What is the New Evangelization?
When Catholics hear the word evangelization, we tend to think of Protestants. This is not surprising. They have been highly visible in spreading the gospel of Jesus Christ in their own way.
But Catholics also have work to do. “Go, therefore, and make disciples of all nations, baptizing them in the name of the Father, and of the Son, and of the Holy Spirit. . .” instructs Jesus in the Great Commission (Matt. 28:19). The Second Vatican Council affirmed this, declaring that the church is “missionary by her very nature.” The work of spreading the message of and about Jesus Christ is a calling to all Catholics.
In more recent years, church leadership has been more outspoken about the mission of the church. Pope John Paul II, at the beginning of the new millennium, began referring to a “new evangelization,” of which there are three parts: personal and spiritual renewal, witnessing to others, and the transformation of society and culture, including pro-life activism, social justice work, service to the poor and marginalized, and engagement in politics or even the arts.
St. Francis is credited with saying, “Preach the gospel always; if necessary, use words,” so the “new evangelization” isn’t exactly new.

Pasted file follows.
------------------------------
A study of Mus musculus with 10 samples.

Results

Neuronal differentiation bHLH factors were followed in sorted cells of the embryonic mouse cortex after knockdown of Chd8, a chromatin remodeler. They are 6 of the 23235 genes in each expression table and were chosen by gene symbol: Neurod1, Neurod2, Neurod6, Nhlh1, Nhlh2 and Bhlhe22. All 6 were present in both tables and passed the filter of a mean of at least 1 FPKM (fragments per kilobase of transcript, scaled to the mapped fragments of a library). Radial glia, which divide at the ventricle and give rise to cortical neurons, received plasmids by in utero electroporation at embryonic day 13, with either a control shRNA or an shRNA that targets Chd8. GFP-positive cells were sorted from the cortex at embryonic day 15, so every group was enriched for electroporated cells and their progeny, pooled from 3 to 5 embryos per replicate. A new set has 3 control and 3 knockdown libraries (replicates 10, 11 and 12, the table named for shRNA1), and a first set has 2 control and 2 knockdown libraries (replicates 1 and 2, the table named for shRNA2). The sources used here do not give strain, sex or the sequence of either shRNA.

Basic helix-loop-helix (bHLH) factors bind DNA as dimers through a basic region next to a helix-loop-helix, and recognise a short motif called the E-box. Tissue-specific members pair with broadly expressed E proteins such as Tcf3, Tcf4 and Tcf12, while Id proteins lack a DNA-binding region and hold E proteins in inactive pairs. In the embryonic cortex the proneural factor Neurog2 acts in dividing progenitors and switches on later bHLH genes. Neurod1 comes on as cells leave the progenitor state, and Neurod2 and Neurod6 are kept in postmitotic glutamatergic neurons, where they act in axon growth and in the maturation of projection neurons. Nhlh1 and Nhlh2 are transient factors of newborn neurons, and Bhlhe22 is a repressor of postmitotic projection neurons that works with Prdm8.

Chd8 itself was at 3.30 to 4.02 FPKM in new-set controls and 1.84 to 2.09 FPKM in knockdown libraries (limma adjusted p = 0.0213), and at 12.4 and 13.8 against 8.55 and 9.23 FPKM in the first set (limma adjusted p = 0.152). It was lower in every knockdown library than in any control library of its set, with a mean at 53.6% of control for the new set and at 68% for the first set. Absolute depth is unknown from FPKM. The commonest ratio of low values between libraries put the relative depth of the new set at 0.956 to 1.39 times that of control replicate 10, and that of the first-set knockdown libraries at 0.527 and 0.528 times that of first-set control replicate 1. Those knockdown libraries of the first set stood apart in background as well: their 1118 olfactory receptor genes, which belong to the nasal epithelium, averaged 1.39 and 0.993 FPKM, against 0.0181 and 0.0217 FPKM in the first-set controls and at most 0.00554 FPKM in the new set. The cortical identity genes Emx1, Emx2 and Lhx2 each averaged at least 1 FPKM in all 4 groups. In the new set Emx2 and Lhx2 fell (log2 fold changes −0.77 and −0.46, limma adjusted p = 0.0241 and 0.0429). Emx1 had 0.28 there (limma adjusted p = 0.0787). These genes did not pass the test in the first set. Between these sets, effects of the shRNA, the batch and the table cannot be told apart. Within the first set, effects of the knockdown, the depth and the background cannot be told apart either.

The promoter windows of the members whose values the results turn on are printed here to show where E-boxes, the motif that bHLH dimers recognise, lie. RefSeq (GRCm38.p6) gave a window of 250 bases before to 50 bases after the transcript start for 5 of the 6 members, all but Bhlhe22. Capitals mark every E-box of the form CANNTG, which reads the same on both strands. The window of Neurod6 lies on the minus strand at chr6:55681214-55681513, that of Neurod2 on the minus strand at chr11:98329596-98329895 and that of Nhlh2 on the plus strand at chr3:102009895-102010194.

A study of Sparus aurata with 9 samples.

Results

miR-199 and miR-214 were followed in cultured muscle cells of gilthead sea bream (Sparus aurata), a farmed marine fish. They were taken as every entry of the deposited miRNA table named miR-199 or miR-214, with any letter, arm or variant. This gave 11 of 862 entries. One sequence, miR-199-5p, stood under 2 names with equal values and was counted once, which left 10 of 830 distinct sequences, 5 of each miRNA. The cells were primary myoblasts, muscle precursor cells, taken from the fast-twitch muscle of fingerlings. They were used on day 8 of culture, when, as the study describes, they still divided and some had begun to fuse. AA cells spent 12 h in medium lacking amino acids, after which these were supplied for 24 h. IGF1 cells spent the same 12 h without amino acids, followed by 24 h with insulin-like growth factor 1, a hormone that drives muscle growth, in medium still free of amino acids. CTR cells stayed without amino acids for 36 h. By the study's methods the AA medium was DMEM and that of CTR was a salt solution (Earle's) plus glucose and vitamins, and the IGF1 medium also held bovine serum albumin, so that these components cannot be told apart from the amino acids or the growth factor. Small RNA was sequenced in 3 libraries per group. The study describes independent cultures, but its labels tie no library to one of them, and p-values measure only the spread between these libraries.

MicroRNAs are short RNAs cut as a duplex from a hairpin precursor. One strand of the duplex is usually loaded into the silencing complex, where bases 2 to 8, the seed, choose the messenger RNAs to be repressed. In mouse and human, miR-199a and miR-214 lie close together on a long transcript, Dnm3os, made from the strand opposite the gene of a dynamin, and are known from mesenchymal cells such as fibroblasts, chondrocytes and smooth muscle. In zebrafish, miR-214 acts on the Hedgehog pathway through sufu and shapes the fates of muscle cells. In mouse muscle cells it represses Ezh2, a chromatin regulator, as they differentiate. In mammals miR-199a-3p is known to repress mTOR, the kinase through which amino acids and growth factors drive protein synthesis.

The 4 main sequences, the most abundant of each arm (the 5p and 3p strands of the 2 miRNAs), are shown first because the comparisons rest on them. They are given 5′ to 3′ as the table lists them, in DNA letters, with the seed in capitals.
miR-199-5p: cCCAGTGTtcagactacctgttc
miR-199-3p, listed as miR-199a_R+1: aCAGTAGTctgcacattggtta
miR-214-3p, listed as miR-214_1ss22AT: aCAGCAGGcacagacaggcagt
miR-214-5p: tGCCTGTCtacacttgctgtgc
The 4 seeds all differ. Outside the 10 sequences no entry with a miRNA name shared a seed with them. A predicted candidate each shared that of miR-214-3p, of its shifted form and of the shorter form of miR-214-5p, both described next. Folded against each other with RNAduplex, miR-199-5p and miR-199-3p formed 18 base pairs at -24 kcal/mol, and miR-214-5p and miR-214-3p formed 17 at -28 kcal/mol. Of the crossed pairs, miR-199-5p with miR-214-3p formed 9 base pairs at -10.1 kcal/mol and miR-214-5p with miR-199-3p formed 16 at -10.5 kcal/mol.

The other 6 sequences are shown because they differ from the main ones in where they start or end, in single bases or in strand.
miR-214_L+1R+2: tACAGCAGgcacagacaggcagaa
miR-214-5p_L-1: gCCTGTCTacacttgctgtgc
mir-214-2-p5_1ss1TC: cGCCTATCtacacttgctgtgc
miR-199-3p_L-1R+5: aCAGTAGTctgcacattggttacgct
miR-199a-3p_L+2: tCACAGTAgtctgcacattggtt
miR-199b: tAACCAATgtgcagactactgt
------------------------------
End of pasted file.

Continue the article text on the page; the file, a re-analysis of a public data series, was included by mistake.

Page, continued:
What’s changed then? Beginning with the papacy of John Paul II, church leadership has become increasingly concerned with a modern reality: secularism, particularly in the West. In response, John Paul II often talked about a need for a “new evangelization” to bring people back to the church to combat what Pope Benedict XVI later referred to as “the secularization process,” the declining power and position of the church in the historically Christian nations of Western Europe and the proliferation of positions in opposition to church teaching, such as the growing acceptance of same-sex marriage, premarital sex, abortion, contraception, the death penalty, and lack of attention to the poor and marginalized.
New Evangelization efforts can be seen in the attempts to grow and sustain a Catholic community, which includes calling on all Catholics to share the gospel in their individual lives, creating Anglican ordinariates, establishing ongoing talks with the Society of St. Pius X to lift their excommunication, implementing changes to the liturgy, and instructing church organizations and institutions such as universities and charities to bolster their Catholic identity.
Some of the methods of the New Evangelization aren’t smiled upon by all in the church. Advocates of social justice and missionaries are concerned that an overemphasis on a Catholic identity can impede ecumenical work or even put missionaries in non-Christian nations at risk.
The church will always be examining and reexamining its place in the world, questioning how best to share the gospel and exploring what this means. In that case, evangelization is always both old and new.
This article appeared in the February 2013  issue of U.S. Catholic (Vol. 78, No. 2, page 54).